An upgradable Xbox One? Think this one through, Microsoft – Ars Technica


While Microsoft might have hoped that its free-to-play PC version of Forza would grab headlines, its press showcase in San Francisco was far more notable for Xbox chief Phil Spencer’s strong hint that the Xbox One’s hardware will be upgraded.

After neglecting the PC gaming market for several years, it sounds like Microsoft may now go much further than merely throwing the likes of Quantum Break and Gears of War onto the platform. Microsoft may be trying to apply the whole concept of PC gaming—that is, extremely wide backwards compatibility along with various hardware configurations—onto the appliance-like console market.

“Consoles lock the hardware and the software platforms together at the beginning of the generation. Then you ride the generation out for seven or so years, while other ecosystems are getting better, faster, stronger,” Spencer said. “When you look at the console space, I believe we will see more hardware innovation in the console space than we’ve ever seen. You’ll actually see us come out with new hardware capability during a generation allowing the same games to run backward and forward compatible because we have a Universal Windows Application running on top of the Universal Windows Platform.”

What form these console upgrades might take isn’t clear, but beefier processing and graphics power may be in the works: “We can effectively feel a little bit more like we see on PC,” said Spencer, “where I can still go back and run my old Doom and Quake games that I used to play years ago but I can still see the best 4K games come out and my library is always with me.”

On the face of it, this is a radical departure from how consoles are sold. Typically, Sony, Microsoft, or Nintendo release a console with fixed hardware. Initially, developers are terrible at making games for that hardware—the PlayStation 3 suffered greatly from this problem thanks to its quirky Cell processor—but as the years tick by, they get better, and so too do the games they produce. This only works because developers have a fixed hardware spec that they can reliably optimise for. If you move the goalposts this becomes a lot more difficult to do.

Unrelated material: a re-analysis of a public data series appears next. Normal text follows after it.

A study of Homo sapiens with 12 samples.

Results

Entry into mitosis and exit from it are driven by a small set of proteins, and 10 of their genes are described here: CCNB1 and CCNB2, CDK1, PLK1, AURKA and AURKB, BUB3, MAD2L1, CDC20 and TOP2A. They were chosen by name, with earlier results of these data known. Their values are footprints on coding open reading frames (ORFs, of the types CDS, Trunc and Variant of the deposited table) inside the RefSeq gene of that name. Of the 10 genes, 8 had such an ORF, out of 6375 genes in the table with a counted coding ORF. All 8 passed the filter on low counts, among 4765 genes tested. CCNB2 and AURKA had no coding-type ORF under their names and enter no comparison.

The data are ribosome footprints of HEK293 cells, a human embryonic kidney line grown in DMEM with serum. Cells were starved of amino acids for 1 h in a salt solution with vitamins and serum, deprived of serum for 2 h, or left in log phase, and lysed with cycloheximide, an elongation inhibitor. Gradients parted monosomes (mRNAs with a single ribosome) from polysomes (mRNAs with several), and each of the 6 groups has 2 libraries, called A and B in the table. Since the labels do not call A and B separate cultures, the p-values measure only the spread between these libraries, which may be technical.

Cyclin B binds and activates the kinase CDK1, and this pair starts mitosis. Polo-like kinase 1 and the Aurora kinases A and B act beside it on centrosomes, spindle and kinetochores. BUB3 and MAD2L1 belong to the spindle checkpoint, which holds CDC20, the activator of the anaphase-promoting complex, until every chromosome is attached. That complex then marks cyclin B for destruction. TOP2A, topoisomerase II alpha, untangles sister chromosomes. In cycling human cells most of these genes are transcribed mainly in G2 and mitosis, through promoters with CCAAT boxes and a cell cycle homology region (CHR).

What’s changed is that both the PlayStation 4 and Xbox One are, essentially, just PCs (or more accurately, laptops without the screen). They both have a very similar AMD x86 processor—the origins of which stretch all the way back to the late 1970s—that’s typically seen in laptops, along with an on-die AMD GPU. The PlayStation’s large unified pool of fast GDDR5 memory differs from the Xbox One’s more traditional DDR3 setup—not to mention their respective operating systems and programming tools—but their underlying hardware is eerily similar.

Given the struggles that developers had making games for the PS3, as well as Microsoft’s grand plan to shove Windows onto everything, the move to more familiar x86 hardware was inevitable. It also comes with the added benefit of a strong supply of new hardware, thanks to Intel, Nvidia, and AMD churning out new chips every year. And now, with its Universal Windows Platform and apps stretching across Xbox One, PC, and mobile, Microsoft has finally given developers a way to somewhat easily throw a game out onto multiple platforms at once, even if there are a few teething problems on the PC side.